September 16, 2010 By: George Dooley

Egencia, an Expedia, Inc. company, unveiled its 2011 Corporate Travel Forecast and Hotel Negotiability Index, finding that average ticket prices (ATPs) for top corporate travel destinations will remain relatively flat to slightly up and average daily rates (ADRs) will be slightly up overall in North America,


and Asia-Pacific.

New to this year’s forecast is an Advance Purchase Advisory that identifies ideal advance booking windows and potential savings for flight purchase in nearly 40 markets around the world. After a year of significant flexibility, Egencia’s Hotel Negotiability Index suggests that corporations will face a more challenging negotiating environment in 2011.

“Corporations are traveling again this year, though still below 2008 levels,” said Rob Greyber, President of Egencia. “Egencia clients - large and small - remain focused on cost containment and cost avoidance but through tools such as policy compliance, rather than the broad cuts we saw last year. We expect the modest spending rebound to continue, but careful, policy-driven governance will still be a theme in 2011.”

In North America, the current rebound in corporate travel demand will continue into 2011, pushing corporate travel prices upward. Adding to upward pressure is consolidation in the airline industry amongst United and Continental and new transatlantic alliances. On the other hand, added capacity for key corporate destinations, the growth of ancillary revenues, better utilization of special corporate fares, and lingering recession concerns are likely to contribute moderate downward pressure on ATP.

Overall, ADRs are expected to be slightly up across key cities, with a few exceptions like Houston and Phoenix where demand is not projected to increase. With very little new supply coming into the market in the short term, there is improved occupancy in most top business markets worldwide resulting in upward pricing pressure. Moderating this pressure, meetings and incentive volumes have not yet fully recovered and corporate demand is still down compared with 2008 levels.

For the North American car rental industry, U.S. rates per day (RPDs) have been decreasing through the first half of 2010 by 5 percent compared to a year prior. In the coming year, Egencia anticipates industry consolidation and tighter inventory management will push RPDs up 3 percent year-over-year in the United States. In Canada, rates will stay slightly down year-over-year into 2011.

Egencia says its exclusive Advance Purchase Advisory informs travel managers and corporate travelers of the best booking timeframe and possible savings for advance air ticket purchases. The advisory shows that, for the majority of destinations, business travelers should book three to four weeks (21-30 days) in advance to realize maximum savings. Booking in advance to Atlanta, for example, can save as much as 22 percent compared to last-minute bookings. Additional destinations where the three-week window nets significant savings are London (48 percent), Denver (26 percent), Phoenix (33 percent) and Philadelphia (31 percent).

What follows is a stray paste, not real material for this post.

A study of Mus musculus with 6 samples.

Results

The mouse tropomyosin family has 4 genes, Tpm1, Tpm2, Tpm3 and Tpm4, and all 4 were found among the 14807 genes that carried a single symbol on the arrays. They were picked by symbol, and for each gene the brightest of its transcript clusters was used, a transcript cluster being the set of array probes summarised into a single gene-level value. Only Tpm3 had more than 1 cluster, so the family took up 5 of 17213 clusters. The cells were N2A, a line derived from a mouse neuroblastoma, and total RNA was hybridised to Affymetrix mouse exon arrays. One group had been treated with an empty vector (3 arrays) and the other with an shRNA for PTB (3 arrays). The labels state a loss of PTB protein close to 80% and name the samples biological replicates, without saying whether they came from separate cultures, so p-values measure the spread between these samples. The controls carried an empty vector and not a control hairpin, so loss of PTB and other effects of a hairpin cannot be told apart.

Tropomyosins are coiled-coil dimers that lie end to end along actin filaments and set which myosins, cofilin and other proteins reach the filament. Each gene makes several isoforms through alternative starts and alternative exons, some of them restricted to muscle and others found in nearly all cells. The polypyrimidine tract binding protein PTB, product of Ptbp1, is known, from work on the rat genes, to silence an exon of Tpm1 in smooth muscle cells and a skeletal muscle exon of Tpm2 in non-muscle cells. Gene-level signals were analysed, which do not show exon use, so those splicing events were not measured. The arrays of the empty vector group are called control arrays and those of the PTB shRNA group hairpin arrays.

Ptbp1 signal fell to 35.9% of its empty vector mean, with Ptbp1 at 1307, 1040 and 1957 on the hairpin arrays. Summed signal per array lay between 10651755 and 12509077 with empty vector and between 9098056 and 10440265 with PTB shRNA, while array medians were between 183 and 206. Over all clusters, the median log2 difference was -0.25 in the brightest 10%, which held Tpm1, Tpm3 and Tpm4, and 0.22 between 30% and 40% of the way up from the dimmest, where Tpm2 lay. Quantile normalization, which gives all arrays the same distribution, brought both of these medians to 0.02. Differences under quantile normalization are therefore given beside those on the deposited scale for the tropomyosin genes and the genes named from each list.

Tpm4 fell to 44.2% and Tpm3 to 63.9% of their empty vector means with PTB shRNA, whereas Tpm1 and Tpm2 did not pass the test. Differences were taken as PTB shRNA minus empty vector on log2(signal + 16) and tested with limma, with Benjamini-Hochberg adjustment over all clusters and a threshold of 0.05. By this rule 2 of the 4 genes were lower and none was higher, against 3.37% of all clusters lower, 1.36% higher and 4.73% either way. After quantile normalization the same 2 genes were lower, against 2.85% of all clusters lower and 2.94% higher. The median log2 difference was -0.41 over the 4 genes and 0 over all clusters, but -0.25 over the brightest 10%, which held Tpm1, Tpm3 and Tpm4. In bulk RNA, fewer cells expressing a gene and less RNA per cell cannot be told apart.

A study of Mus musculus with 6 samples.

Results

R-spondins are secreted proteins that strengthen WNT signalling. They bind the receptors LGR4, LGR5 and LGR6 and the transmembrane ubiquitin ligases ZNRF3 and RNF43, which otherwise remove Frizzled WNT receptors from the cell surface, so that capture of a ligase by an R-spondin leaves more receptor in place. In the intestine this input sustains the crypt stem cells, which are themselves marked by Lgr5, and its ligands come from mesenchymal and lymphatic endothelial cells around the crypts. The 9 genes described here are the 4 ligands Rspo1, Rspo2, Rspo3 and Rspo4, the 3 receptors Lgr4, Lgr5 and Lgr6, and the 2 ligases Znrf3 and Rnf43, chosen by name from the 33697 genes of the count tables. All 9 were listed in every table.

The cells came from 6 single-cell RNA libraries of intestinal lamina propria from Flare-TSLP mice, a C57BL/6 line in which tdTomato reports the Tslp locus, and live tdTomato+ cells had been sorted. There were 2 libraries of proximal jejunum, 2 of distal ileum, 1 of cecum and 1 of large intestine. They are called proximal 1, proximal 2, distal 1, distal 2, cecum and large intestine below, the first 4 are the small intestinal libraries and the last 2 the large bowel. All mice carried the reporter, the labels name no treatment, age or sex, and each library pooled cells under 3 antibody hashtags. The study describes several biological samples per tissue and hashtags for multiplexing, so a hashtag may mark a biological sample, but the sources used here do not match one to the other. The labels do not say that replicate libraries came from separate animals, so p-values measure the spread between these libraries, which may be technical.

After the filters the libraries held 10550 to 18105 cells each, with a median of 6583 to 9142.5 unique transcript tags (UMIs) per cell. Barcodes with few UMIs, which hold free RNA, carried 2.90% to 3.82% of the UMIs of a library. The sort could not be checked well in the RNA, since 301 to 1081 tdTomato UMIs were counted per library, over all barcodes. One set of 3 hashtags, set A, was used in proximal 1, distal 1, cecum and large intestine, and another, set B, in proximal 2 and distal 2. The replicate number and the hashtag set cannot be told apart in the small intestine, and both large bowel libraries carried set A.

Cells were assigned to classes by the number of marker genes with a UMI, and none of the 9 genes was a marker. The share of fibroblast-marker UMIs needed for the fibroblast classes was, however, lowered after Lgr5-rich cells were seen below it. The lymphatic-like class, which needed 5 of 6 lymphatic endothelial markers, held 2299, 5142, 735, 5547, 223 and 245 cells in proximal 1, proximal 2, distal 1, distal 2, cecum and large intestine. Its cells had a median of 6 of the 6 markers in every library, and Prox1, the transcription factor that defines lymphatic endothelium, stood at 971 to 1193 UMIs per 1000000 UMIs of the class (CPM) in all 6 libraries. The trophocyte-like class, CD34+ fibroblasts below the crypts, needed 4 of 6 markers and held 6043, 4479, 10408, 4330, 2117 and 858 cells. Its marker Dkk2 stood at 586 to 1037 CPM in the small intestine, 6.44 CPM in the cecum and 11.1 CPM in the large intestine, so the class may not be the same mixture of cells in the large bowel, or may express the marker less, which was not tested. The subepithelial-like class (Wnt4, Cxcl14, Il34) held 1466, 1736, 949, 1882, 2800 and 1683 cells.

Egencia’s Hotel Negotiability Index, an indicator of the overall supply landscape in top North American cities, suggests that 2011 will be a challenging year for corporate negotiations with preferred supply partners. The cities with the greatest challenge for rate negotiations are Atlanta, Boston and Seattle; while Calgary and Houston should maintain high negotiability.

“The hotel negotiation opportunity for travel and business decision makers is comparatively weak in 2011,” said Noah Tratt, vice president, supplier relations, Egencia Americas. “We’re advising clients to look for value by working closely with their preferred supply partners to drive traveler compliance, negotiate favorable terms and conditions and consider inclusion of valuable amenities.”

Egencia surveyed more than 500 travel buyers in North America and Europe regarding cost control measures, travel spend and expectations for 2011. According to survey respondents, 42 percent of North American buyers and 23 percent of European buyers have slightly or significantly increased travel over the last six months, compared with a slight increase of only 10 percent a year ago in October/November 2009.

The top strategies for maintaining or controlling travel costs in North America and Europe include:

*    Advanced booking of airline tickets (56 percent North America, 53 percent Europe)
*    Enforcing policy more rigorously (47 percent North America, 40 percent Europe)
*    Actively tracking unused tickets (43 percent North America, 9 percent Europe)
*    Requiring pre-trip approval (42 percent North America, 49 percent Europe)
*    Encouraging the use of web conferencing (33 percent North America, 38 percent Europe)

“Last year, the numbers painted a picture of considerable travel reduction, with 59 percent of survey respondents in 2009 acknowledging slight or significant reductions in travel, compared with only 30 percent of respondents this year,” said Tratt. “And there are further signs of optimism for investing in travel. Thirty-four percent of respondents expect travel budgets to increase in 2011, whereas only 13 percent had this expectation heading into 2010.”